About our Accommodation in McGregor
In 1861, a little town on the edge of the Karoo came into being. It was called “Lady Grey” in honour of Lady Eliza Lucy Grey, the wife of Sir George Grey , Governor of the Cape at that time. However, this created much confusion for the postal authorities, since there was already a “Lady Grey” situated in the North East Cape – the name needed to be changed, but to what?
At around that same time, a new minister arrived in Robertson. He was the first Scottish minister of the Dutch Reformed Church, who had been encouraged to come to South Africa by Dr Robertson. – His name was Andrew McGregor. Upon reaching Robertson, Rev McGregor met and fell in love with Dr Robertson’s daughter, Eliza. They were soon married and settled in Robertson, where Rev McGregor served as minister from 1862 – 1902.
The village of Lady Grey had been without a minister for some time and so the residents there were delighted that they were now included within Rev McGregor’s parish. He became such a well-known and loved figure within the village that the community decided to ask if the village could be re-named “McGregor” in his honour. So, with the blessing of the postal authorities, the village of McGregor was born in 1862.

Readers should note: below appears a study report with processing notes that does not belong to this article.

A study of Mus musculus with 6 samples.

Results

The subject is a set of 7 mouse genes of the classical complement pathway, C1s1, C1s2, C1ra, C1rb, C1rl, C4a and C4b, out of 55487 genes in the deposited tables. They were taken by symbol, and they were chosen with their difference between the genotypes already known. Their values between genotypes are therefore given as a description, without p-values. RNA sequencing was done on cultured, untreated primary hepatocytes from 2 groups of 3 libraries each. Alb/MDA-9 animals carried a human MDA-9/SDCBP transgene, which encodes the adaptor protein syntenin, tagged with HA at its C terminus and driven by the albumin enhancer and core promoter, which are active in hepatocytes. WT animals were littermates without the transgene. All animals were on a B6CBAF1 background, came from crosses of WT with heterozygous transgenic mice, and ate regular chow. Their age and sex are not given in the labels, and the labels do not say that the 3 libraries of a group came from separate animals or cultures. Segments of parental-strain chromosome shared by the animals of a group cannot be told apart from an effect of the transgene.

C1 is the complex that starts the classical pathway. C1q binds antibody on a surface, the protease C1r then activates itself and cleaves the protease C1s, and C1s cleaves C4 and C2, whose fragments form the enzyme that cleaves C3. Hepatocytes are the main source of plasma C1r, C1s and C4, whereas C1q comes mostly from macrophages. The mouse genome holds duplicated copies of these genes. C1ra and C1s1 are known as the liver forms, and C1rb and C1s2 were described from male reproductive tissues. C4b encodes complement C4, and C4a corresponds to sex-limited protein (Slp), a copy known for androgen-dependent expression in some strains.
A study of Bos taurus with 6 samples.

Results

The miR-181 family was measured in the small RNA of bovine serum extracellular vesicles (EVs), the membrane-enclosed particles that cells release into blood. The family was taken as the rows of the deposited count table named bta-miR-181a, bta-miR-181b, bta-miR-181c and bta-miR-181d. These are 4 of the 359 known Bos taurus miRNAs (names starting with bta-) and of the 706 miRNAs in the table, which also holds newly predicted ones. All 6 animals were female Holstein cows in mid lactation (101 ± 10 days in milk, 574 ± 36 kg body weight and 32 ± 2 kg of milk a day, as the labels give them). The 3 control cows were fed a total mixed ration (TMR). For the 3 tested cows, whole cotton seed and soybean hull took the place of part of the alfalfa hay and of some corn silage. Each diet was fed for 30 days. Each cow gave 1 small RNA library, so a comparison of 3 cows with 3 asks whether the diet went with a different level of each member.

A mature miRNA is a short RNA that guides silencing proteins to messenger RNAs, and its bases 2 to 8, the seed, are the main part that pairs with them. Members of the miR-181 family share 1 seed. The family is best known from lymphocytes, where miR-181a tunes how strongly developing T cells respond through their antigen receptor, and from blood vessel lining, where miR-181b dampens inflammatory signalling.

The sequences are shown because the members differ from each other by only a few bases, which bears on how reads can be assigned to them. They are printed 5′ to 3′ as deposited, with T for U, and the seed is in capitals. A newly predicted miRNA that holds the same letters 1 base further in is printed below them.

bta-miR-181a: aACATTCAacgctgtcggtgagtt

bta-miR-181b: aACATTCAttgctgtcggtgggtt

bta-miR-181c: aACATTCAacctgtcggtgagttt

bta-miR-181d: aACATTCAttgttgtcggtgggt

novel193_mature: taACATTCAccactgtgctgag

Many years later, a descendant of Andrew McGregor arrived in the village with his family. This was Robin McGregor. He and his wife were resident here for many years and, in fact, Robin held the office of Mayor from 1984-86. They resided in the property, which was later to become known as “Fountain Place”. Whilst living here, Robin wrote the first edition of “Who owns Whom” – a comprehensive listing of the ownership of South African companies. A copy of this book is on display in the museum at McGregor Tourism.
From ancient buildings to luxury accommodation in McGregor
This property originally consisted of a main ‘manor house’ with a row of four cottages in front of it. The two middle cottages in this row were demolished and the remaining two were then joined to the main house (which had also been extended) to create one U-shaped building with a central courtyard.These two original cottages are now our elegant guest suites, opening onto the courtyard.
Due to its age (1862), it was declared a National Monument and is, in fact, one of the oldest buildings in the village. Much later, two fountains were installed, one in the central courtyard and the other in the garden, thus providing the perfect name for the guesthouse now known as “Fountain Place”. Pictures of this progression may be viewed at Fountain Place.
On 1st April 2000 all former National Monuments declared by the former National Monuments Council and its predecessors became Provincial Heritage Sites. Fountain Place is therefore now listed as a Provincial Heritage Site of the Western Cape.